Substituting a 25 volt cap in place of a 6.3 volt one

Discussion in 'Pioneer Audio' started by Stevescivic, Sep 14, 2017.

  1. Stevescivic

    Stevescivic Active Member


    I had some spare Nichicon UPW series 220uF 25 volt 105C rated caps. Is it okay to use that in place of the original cap even though the new cap is 25 volts?

    Thanks
     
  2. zebulon1

    zebulon1 This summer heat slowed me down. Subscriber

    Most of the time the newer higher voltage caps will be the same size as the old originals.
     

    Stevescivic Active Member


    In any case I replaced the cap with a new UPW cap so I guess the only way to tell is to fire it up on DBT!
     
  4. zebulon1

    zebulon1 This summer heat slowed me down. Subscriber

    You'll be fine. Make sure you have it in the correct polarity. That's it.
     
  5. Stevescivic

    Stevescivic Active Member

     
  6. Hyperion

    Hyperion Roobarb & Custard Subscriber

    In theory at least, a 6.3V electrolytic will work just the same as a 25V electrolytic, the voltages are just a rating, it's the applied voltage 'in circuit' that matters.
     

    Leestereo Super Member

     

    zebulon1 This summer heat slowed me down. Subscriber

    Another voltage rating consideration I realized only recently, is not only to cover the voltage in the circuit but might give some consideration to a runaway circuit supply.
     
  9. gadget73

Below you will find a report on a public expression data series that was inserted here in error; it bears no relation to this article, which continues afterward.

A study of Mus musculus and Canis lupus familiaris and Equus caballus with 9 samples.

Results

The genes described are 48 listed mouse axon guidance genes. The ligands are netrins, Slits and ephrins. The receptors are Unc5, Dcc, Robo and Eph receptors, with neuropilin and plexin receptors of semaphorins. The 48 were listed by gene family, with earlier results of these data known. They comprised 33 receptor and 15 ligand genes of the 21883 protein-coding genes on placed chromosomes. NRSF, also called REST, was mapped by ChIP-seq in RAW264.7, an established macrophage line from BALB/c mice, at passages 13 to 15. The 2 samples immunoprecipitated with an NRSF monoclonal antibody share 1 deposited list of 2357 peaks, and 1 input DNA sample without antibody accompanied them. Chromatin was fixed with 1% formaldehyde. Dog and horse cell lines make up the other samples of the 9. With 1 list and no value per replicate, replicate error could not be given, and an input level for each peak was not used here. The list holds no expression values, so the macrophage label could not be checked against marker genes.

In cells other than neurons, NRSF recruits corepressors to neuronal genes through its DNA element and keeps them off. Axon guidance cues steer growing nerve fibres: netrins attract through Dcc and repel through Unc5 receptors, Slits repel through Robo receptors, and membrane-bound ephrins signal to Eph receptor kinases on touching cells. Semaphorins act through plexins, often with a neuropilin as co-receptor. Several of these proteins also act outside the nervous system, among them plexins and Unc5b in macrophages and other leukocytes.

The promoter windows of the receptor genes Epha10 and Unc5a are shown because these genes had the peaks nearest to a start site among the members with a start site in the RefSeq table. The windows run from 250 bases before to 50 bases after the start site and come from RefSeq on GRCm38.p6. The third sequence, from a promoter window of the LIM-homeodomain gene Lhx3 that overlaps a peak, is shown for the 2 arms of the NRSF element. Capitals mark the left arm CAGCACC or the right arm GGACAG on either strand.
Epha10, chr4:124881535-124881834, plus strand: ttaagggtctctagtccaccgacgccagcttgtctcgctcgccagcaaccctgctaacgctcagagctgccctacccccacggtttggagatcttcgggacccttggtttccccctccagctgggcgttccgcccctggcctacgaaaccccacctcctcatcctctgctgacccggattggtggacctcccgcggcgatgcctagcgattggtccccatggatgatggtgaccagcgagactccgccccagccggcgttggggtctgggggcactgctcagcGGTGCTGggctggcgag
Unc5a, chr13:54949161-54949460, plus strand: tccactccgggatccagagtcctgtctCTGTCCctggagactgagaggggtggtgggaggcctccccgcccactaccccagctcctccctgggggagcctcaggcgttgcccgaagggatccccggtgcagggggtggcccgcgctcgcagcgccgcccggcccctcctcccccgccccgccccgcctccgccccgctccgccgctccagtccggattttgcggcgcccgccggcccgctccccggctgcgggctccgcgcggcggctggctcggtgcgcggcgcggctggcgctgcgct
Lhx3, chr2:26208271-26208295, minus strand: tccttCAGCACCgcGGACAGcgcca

gadget73 junk junkie Subscriber

     
  10. john stumpf

    john stumpf AK Subscriber Subscriber

     

    Hyperion Roobarb & Custard Subscriber

     
    Last edited: Sep 15, 2017
  12. Stevescivic

    Stevescivic Active Member

     
  13. Stevescivic

    Stevescivic Active Member

     
  14. Hyperion

    Hyperion Roobarb & Custard Subscriber

     
  15. SaturationPt

    SaturationPt AK Subscriber Subscriber


    When I select a capacitor for a circuit, I select it based on the maximum voltage in use. The capacitor is designed to operate at that voltage, and as we can see with these old beasts heat is what shortens their life, when they're shot they're shot no matter how much higher their rating is than their actual use. If it worked fine for 40 years and the technology has improved, ...

    The higher voltages need to have more or better dielectric to prevent breakdown at the higher voltage, and might not have the same reactance at significantly lower voltage.

    A 100v / 220uF capacitor is rated at 100v nominal, and is 220uF at that voltage, ... not necessarily at 6.3v. This is its rated operating voltage, not its maximum.

    If you take out a 6.3/220 and can get a quality 6.3/220, use that. If you can't, especially in a power application, no harm in increasing slightly.

    I would not recommend changing voltage significantly in signal path nor in filters, I was always very careful in designing filters and looked at capacitors very carefully. Changing to a much higher voltage WILL change your filter.

    I know that there are many here who routinely replace all electrolytics with at least the next voltage rating up, not sure what they think that they're gaining, and I know that I'm turning this into a debate with my opinion. However, lets see measured data that shows why you should change the rating from the Engineers' original design. Anyone?

    Next feel free to ask why many people also somehow feel that the Engineers put smaller value main filter caps in amplifiers than the optimum value for highest output, ... here's a hint: THEY DIDN'T! They put in the best capacitors for the musical performance of their amplifiers.

    Now I realize that there are BPC amps out there, the lowest-bidder crap from recent years, but this thread is about the SX-1050.